There’s something very compelling about panoramic images. They’re much wider than regular photos and, instead of showing the small portion of a scene that is in front of the camera lens, they show much more.
Some panoramas show a semi circle around a point and others wrap around a full 360 degrees showing everything there is to see. Panoramas have been popular with photographers since the early days of photography. Then, as now, they were created using a series of side by side images put together to form a single seamless image.
Today’s digital cameras and photo editing software let you create panoramas quite easily. Even simple cameras like prepaid phone cameras and point-and-shoot cameras are advanced enough to have a panorama setting. There are, however, some tips and tricks for taking the photos that will help ensure you get a great panorama and I’ve thrown in my best solution for when things go wrong!
Use a tripod
When you take photos for your panorama make sure you stand in one position to take all the shots. It is easiest if you fix the camera to a tripod and test to ensure it will swing around smoothly to capture the images that you want to take. If you don’t have a tripod, practice standing in one position and rotating your body to capture the images.
This painted sign on the building above was too large to capture in one shot but it works well as a panorama.
Overlap the images
When taking the individual shots for a panorama, make sure that the photos overlap each other by around 25 percent. This means that the objects that appear on the far right of one photograph should appear on the far left of the next photograph in the sequence.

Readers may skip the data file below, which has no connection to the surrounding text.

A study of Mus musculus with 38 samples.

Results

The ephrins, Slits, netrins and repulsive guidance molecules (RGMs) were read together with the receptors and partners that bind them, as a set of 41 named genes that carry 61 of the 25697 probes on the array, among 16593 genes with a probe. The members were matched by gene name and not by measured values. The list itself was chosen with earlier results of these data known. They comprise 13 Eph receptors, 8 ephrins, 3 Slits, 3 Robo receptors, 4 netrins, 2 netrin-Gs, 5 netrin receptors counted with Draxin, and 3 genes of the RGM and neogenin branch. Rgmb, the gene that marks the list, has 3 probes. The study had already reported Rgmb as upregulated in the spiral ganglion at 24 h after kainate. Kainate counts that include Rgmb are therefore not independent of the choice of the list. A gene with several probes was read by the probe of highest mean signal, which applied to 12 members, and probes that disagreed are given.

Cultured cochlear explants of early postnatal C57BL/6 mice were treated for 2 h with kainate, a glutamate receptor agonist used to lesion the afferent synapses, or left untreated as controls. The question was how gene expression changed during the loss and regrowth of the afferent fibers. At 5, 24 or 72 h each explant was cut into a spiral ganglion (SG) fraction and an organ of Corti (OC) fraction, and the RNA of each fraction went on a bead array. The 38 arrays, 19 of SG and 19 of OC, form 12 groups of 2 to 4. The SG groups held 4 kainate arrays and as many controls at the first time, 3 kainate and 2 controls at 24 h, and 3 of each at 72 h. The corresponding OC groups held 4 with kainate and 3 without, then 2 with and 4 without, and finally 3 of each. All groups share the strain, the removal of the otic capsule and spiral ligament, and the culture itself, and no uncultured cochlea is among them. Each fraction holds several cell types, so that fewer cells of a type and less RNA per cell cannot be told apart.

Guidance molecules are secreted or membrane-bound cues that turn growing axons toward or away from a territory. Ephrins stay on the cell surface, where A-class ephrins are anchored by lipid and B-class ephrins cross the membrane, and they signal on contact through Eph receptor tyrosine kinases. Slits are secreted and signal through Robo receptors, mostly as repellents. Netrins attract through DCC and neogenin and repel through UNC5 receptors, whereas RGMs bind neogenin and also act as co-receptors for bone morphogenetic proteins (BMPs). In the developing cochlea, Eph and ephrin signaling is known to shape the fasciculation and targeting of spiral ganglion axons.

If your camera has a panorama feature you can use this to help configure the overlap for the images. Your photo editing software uses the overlapping areas as a key for aligning and matching the images so it’s important that you have enough of an overlap for the software to do its work. On the flip side, avoid having too much overlap as that’s not desirable either.
Try to photograph scenes that don’t change rather than subjects that are moving as it’s much harder to match up your images if people are moving around in them such as in this image:
I had to put a lot of work into tidying up this image – with so much action it was far from an ideal topic for a panorama but the results were worth it.
Fix your settings
When capturing photos for a panorama make sure that you do not alter your camera settings, such as the zoom, between shots as this will mess up your images and they won’t be easy to match.
If you’re using a digital SLR camera, keep the exposure the same between shots too. Using Aperture priority mode is a good choice.
There are some classic occasions when a panorama is an obvious solution and I dream of one day spending an afternoon at Lord’s capturing that wonderful cricket ground as a panoramic image. Other shots that work well as panoramas include scenery and landscapes. However panoramas aren’t limited to major spectacles and you can capture a series of two or more images of anything from a sign to a streetscape and assemble it into a panorama.
I’ve shot panoramas of signs, cityscapes, the mounting yard at a racecourse and I’ve done one of my street so one day I will be able to look back and see then what I see now, as I stand on my front porch.
If you’d like to learn more about creating Panoramas, check out this post on Creating Panoramas with a twist. It’s a great way to save an imperfectly shot panorama.